1827 Thomas Steele, became a member of the Institution of Civil Engineers.[1]


1849 Obituary [2]

Mr. Thomas Ennis Steele was the descendant of an ancient and honourable family in the County Clare, where he inherited a beautiful estate, and few men have commenced their career with brighter prospects.

He graduated and took his degrees at Trinity College, Dublin, about the year 1817; he then removed to Trinity College, Cambridge, in 1820, and obtained the degree of Master of Arts in that University, on the books of which his name was always retained, and he regularly appeared at the elections.

He was an elegant classical scholar, but more particularly directed his attention to Mathematics, Mechanics, and the application of Chemistry to the Arts; he also, at one period, directed much of his time to the study of Geology, with the avowed object of preparing himself for travelling in the East; a project which was probably prevented by his entanglement in politics.

The bad state of the navigation of the river Shannon being very prejudicial to the interests of his favourite country, he determined to make a personal survey of the bed of the river, which he did in the most complete manner, employing sometimes very original means; such, for instance, as stepping along the line of a reef, or shoal, supporting himself with one hand upon the stern of a boat, whilst he measured and recorded all the inequalities of the surface, and ascertained the nature of the rocks, or ground. An account of this survey was published by him, and no greater proof of its utility can be given, than the fact of the greater portion of his suggestions having been followed, in the works that have been since executed.

His attention being thus directed to the diving-bell, he devised several alterations in its construction and application; particularly a method of lighting the divers, during their submarine labours.

All these, with many similar subjects, were published in the current periodicals of the day, and some of them were communicated to this Institution.

At a later period a favourite theme, upon which he repeatedly addressed the Institution, was the purchase of the birth-place of Sir Isaac Newton and the preservation by the scientific world, in the same manner that Shakespeare's’s house has since been obtained by the exertions of literary and dramatic men.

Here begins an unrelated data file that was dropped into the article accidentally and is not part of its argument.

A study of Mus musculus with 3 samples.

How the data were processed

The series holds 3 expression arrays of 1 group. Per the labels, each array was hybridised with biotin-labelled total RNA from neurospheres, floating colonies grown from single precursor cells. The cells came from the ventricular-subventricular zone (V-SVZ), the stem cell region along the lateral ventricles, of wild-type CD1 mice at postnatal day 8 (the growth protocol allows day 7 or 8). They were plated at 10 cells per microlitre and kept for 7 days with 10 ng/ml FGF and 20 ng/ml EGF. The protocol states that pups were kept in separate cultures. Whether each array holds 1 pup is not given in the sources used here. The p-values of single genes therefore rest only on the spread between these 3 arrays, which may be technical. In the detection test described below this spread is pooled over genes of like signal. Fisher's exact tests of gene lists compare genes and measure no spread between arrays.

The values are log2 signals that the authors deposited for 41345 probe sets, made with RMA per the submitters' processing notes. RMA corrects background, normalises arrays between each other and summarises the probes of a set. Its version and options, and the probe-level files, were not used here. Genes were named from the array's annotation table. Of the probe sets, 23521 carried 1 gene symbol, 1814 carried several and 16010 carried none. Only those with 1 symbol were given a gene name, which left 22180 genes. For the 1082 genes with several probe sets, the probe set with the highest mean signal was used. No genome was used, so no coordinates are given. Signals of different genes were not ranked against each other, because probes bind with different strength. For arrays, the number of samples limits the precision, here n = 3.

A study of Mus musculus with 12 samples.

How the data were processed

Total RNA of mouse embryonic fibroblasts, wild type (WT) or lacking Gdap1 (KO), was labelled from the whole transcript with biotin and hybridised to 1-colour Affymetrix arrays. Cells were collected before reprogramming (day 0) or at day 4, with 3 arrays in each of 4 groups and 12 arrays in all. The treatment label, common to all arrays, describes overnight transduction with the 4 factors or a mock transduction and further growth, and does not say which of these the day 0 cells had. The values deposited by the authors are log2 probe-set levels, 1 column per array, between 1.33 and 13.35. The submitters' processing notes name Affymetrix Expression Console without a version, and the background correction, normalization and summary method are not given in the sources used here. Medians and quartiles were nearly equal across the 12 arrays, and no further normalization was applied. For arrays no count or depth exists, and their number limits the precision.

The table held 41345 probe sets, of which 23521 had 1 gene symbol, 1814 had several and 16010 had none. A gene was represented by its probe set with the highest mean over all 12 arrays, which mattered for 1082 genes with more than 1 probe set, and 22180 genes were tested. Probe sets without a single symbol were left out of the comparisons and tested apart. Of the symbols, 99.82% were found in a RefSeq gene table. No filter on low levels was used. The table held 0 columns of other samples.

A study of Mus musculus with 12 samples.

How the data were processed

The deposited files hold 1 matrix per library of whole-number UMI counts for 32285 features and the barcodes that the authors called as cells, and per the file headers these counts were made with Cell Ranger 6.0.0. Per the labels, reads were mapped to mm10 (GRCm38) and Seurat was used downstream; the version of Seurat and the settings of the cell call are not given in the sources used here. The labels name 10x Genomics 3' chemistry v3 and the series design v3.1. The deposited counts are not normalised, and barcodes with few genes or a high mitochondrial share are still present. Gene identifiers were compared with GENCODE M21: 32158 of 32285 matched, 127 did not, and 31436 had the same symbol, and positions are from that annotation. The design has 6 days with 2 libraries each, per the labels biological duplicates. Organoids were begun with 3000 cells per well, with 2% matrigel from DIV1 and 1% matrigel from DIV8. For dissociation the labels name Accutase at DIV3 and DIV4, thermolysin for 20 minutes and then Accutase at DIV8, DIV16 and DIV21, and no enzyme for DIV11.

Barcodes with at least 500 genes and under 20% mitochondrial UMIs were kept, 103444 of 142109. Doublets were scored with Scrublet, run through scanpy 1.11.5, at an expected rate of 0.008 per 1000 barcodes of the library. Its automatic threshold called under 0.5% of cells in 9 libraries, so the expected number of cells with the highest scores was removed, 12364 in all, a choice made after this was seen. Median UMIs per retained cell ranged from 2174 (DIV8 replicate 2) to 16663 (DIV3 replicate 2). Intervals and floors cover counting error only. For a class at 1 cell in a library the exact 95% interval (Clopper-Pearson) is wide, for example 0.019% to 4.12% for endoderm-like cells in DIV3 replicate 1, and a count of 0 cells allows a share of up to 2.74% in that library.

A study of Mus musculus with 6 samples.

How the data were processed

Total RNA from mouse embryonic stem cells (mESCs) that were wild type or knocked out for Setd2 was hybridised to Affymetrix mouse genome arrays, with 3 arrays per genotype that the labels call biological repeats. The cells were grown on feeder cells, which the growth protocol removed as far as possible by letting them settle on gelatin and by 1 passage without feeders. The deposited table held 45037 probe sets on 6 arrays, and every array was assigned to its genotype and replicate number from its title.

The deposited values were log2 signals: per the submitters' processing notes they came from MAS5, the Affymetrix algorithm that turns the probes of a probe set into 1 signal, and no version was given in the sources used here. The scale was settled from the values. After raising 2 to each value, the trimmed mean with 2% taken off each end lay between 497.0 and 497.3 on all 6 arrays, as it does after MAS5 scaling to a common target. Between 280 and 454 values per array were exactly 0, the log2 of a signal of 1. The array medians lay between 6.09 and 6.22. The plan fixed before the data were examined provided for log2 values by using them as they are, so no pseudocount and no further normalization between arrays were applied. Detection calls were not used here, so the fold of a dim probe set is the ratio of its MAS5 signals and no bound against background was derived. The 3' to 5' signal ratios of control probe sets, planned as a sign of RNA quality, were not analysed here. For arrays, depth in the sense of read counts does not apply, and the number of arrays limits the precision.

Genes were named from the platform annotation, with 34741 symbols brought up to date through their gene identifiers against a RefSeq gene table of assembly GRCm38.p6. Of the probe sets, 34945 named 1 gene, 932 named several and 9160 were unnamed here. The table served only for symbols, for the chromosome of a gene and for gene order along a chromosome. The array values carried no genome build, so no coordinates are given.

He embarked deeply in Irish politics, and became the devoted follower of O’Connell, about the year 1825; hut upon that portion of his career, the incumbrance of his fortune, and the melancholy termination of the life of a man who might have been an invaluable member of society, this memoir cannot dwell.

His political opponents, however, all acknowledged his honourable feelings, and the entire absence of selfishness in his actions, and in his last hours he had the satisfaction of seeing the bitterest among them, vying with each other, in their anxiety to serve honest Tom Steele.

He was the most chivalrously-minded of men, the most affectionate of friends, and the most devoted of followers, still preserving his independence of mind. He entertained no private resentments, which might not be instantly extinguished, by the slightest approach to conciliation, even on the part of one who might have deeply injured him; and it may with truth be said, that he never deliberately committed an act by which he thought he should lose a friend, create an enemy, or injure a fellow-creature.

After the decease of his chosen leader, Mr. Steele abandoned politics, and though visibly declining in health and spirits, h e steadfastly rejected all offers of assistance from his friends, who desired to cheer the evening of his days, and on the 15th of June, 1848, he expired, a man of fallen fortune, a crushed spirit and a broken heart, but universally beloved by all who knew and could estimate the man apart from the politician.

He was elected an Associate of the Institution in 1827, and contributed several notices to its proceedings.